9 January 2018
The future is prefabricated
Commonly used in much of Europe, prefabrication is a more environmentally sustainable and socially beneficial way to build, and it’s taking off in Australia too.
To increase productivity and reduce labour-intensive practices, we are exploring ways to optimise and automate manufacturing for prefabricated construction, and to create advanced solutions for off-site manufacturing.
Prefabrication will change the construction landscape and deliver immense value to the industry. Benefits include faster on-site deployment, lower costs, less waste and lower emissions. Faster on-site construction means prefabrication is well suited to increasing urban densification, creating more compact cities.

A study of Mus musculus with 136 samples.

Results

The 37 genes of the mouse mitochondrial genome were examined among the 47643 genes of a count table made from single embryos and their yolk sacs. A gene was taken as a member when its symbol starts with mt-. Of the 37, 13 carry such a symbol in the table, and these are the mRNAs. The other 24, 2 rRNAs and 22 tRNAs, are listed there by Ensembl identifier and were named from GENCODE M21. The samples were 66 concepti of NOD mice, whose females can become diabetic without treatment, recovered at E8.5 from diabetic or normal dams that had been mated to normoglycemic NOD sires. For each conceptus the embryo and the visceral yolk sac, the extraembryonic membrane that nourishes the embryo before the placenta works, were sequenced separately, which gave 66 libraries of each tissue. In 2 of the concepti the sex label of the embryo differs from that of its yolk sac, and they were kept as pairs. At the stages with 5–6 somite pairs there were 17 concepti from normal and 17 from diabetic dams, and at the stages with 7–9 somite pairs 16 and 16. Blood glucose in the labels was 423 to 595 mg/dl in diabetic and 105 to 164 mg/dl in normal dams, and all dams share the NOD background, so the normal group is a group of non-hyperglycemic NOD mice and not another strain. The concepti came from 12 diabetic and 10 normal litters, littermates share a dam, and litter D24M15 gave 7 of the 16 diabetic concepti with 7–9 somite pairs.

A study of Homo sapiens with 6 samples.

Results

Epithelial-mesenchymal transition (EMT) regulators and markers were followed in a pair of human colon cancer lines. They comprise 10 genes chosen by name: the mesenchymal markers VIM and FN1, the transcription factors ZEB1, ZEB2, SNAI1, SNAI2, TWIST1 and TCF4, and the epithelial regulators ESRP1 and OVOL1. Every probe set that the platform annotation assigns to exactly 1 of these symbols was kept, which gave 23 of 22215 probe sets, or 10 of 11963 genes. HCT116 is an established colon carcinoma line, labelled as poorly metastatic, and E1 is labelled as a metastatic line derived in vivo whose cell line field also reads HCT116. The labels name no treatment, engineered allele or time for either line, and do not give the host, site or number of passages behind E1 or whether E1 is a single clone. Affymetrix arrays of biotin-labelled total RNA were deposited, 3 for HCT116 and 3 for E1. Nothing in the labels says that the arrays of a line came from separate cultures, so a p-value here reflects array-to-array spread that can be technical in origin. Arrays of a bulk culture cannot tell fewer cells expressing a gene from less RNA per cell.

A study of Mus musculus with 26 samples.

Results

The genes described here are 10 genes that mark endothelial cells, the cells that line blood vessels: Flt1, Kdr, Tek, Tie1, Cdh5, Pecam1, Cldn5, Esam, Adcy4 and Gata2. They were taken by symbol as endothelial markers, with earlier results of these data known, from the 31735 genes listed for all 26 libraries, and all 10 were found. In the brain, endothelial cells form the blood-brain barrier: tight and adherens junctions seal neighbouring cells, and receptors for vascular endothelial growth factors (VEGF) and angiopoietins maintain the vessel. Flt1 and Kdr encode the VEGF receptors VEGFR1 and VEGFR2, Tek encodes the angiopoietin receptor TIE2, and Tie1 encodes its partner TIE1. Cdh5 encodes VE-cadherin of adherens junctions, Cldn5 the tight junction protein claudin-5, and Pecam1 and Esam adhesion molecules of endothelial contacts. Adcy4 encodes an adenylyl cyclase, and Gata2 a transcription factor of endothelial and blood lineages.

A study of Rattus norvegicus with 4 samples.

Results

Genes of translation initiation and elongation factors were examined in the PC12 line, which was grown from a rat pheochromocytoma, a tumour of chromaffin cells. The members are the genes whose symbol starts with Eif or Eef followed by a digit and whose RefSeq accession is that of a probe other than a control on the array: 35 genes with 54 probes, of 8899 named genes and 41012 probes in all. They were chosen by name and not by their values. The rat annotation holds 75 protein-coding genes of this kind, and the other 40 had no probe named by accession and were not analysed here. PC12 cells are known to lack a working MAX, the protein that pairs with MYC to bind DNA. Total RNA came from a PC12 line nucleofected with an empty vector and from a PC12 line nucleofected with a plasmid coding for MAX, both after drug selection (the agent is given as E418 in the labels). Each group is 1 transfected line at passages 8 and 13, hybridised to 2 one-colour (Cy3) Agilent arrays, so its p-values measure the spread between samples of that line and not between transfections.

Prefabrication can reduce costs by 20 to 40 per cent, reduce completion times by up to 45 per cent and reduce waste by more than 50 per cent. Digital technologies can already reduce project costs by 20 per cent or more. When combined, these technologies will have far-reaching consequences for the cost and speed of delivery of affordable and social housing as well as commercial buildings and general infrastructure.
We are progressing our research in artificial intelligence (AI) and robotic technology in manufacturing as well as other digital technologies such as BIM to further streamline processes in the off-site development of novel and prefabricated materials. The increasing use of sensor technology in construction is designed to improve safety.
Professor Tuan Ngo and his team at the University of Melbourne collaborated with the Victoria School Building Authority (VSBA) and Sensum on the manufacture and construction of Southmoor Primary School in Victoria, Australia. See the timelapse of the modules.